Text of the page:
Ella burns

A View From the Bridge is a performance of great ambition: although it sticks to Arthur Miller’s original script, Seb Brindle’s creative direction and vision stands out, amplifying the play's contemporary relevance. The production centres around 1950s Brooklynites Eddie Carbone, his wife Beatrice and their seventeen-year-old orphaned niece Catherine. The whole story is narrated by a lawyer, Alfieri, who describes the attitude of the family at the arrival of Beatrice’s two Italian cousins, Marco and Rodolpho. 

William Batty, who plays Eddie, takes on a challenging role with what seems like effortless ease. His performance is energetic, suiting the character's loud, impulsive and invigorating presence in scenes such as his fight with Rodolpho or his attempt to lift a chair in order to prove his strength. His scathing tone is undercut by his facial expressions, which expose the despair at the character’s core. Nevertheless, there are also moments, albeit very few, where he becomes affectionate, almost a father figure, which makes some of the play's most suggestive scenes all the more uncomfortable to watch.

"It is difficult to criticise the production in any meaningful way"

Alfieri (Leon Hewitt), by contrast, radiates calm and neutrality,  letting the audience decide for themselves whether they agree with the events he describes. Catherine (Katie Chambers) is also impressively played, managing to switch easily from a naïve but determined girl to a woman stricken by inconsolable grief by the end of the play. Every single performance, in fact, is incredibly high-quality, while the director’s decision that the cast retain their own accents lends the play a certain universality.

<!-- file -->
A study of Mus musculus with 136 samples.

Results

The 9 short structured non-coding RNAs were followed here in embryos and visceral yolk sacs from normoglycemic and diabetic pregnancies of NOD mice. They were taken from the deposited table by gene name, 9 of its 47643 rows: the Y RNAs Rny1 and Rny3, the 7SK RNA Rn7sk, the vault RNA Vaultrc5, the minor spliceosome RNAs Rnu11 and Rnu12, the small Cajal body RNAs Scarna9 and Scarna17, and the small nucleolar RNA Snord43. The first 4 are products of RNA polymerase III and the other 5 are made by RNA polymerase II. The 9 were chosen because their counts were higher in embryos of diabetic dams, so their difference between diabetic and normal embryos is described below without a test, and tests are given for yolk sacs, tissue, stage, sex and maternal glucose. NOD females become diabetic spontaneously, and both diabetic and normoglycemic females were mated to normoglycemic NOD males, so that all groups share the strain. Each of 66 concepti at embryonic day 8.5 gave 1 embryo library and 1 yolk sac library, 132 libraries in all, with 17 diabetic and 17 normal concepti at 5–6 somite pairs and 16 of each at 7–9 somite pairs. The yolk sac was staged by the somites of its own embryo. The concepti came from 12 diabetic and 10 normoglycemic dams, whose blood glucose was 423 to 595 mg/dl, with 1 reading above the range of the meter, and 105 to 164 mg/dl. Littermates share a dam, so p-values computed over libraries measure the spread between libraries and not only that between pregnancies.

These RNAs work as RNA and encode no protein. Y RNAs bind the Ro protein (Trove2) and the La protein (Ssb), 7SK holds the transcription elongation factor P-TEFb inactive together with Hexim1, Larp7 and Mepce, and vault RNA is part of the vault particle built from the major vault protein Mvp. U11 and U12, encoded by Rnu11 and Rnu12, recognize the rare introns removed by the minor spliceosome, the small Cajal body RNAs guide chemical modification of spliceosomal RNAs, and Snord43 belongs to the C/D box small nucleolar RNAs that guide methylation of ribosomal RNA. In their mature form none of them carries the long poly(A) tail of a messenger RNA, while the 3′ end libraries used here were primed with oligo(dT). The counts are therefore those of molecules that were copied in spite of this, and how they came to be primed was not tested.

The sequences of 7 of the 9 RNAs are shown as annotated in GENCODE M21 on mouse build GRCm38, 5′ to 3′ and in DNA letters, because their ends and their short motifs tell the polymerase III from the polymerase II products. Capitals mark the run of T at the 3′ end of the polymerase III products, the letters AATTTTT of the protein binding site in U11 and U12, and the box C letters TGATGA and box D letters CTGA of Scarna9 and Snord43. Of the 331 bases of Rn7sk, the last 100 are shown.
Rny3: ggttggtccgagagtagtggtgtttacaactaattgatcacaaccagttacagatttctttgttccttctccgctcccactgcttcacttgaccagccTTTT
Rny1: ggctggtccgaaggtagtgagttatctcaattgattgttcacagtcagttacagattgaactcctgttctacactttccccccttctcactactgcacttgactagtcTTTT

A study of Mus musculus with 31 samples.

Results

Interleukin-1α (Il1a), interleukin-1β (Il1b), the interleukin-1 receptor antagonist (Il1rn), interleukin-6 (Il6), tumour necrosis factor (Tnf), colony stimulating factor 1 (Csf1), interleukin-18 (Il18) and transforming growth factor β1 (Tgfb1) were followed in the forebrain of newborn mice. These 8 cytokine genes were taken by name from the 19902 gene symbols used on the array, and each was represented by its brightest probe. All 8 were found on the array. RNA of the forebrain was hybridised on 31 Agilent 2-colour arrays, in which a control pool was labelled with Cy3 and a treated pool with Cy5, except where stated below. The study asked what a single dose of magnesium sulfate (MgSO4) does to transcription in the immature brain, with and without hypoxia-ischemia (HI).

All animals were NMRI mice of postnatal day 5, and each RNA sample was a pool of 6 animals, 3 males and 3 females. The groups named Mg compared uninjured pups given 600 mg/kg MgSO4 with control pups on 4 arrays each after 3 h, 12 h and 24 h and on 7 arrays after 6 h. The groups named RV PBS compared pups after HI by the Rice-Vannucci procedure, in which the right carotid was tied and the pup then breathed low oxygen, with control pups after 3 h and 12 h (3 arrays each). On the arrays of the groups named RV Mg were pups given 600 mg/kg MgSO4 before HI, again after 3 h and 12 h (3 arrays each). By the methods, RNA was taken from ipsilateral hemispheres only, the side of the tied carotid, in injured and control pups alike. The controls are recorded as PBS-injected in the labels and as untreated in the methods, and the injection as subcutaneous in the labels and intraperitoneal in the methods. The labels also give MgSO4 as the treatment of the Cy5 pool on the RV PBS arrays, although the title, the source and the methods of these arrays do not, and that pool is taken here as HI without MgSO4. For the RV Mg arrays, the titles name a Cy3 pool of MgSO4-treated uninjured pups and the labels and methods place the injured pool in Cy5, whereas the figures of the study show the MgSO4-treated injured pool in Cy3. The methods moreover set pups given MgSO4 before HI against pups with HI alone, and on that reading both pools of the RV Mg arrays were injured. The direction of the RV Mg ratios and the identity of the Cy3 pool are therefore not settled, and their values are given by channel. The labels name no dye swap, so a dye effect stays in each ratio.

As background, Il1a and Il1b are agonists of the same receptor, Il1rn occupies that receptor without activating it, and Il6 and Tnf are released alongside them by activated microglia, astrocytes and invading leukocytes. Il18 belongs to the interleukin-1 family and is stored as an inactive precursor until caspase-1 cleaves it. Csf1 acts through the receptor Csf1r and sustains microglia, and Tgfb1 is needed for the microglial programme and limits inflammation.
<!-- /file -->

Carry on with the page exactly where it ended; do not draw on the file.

William Audis’s sound choices are also striking. The inclusion of a drummer creates additional suspense during already tense moments through musical crescendos, while the use of Leonard Cohen’s One of Us Cannot Be Wrong in the final scene moved the audience to tears.

This is also a highly aesthetic, stylised production. Everything in A View from the Bridge is black and white, reflecting the trenchant and simplistic prejudices surrounding the characters. Daniel Elis makes smart choices, emphasising the age of the characters through their costumes (Catherine’s dress is always shorter than her aunt’s), how others perceive them (Rodolpho’s shirt is black, emphasising his position as the black sheep), and their character development and growth (Catherine wears high heels as she grows out of being a "baby").

Gabriel humphreys

Craig Stewart and Dominic Littlewood’s stage is both sensational and multifunctional: a block of glass takes on the form of a bridge, a telephone booth, and something a little more morbid towards the end. Meanwhile, Cat Salvini’s lighting design is also commendable as the attention of the audience follows the movement of the light from the narrator, to the drummer between the acts, or to the action itself, always managing to retain the audience's focus.

It is difficult to criticise the production in any meaningful way: the actors’ performances were breathtaking, while everything, from stage to costumes, felt innovative. This was reflected in the reactions and engagement of the audience, as sustained and enthusiastic applause was followed by emotion and tears.

Go see A View From The Bridge, and immerse yourself in a world bristling with honesty and universality.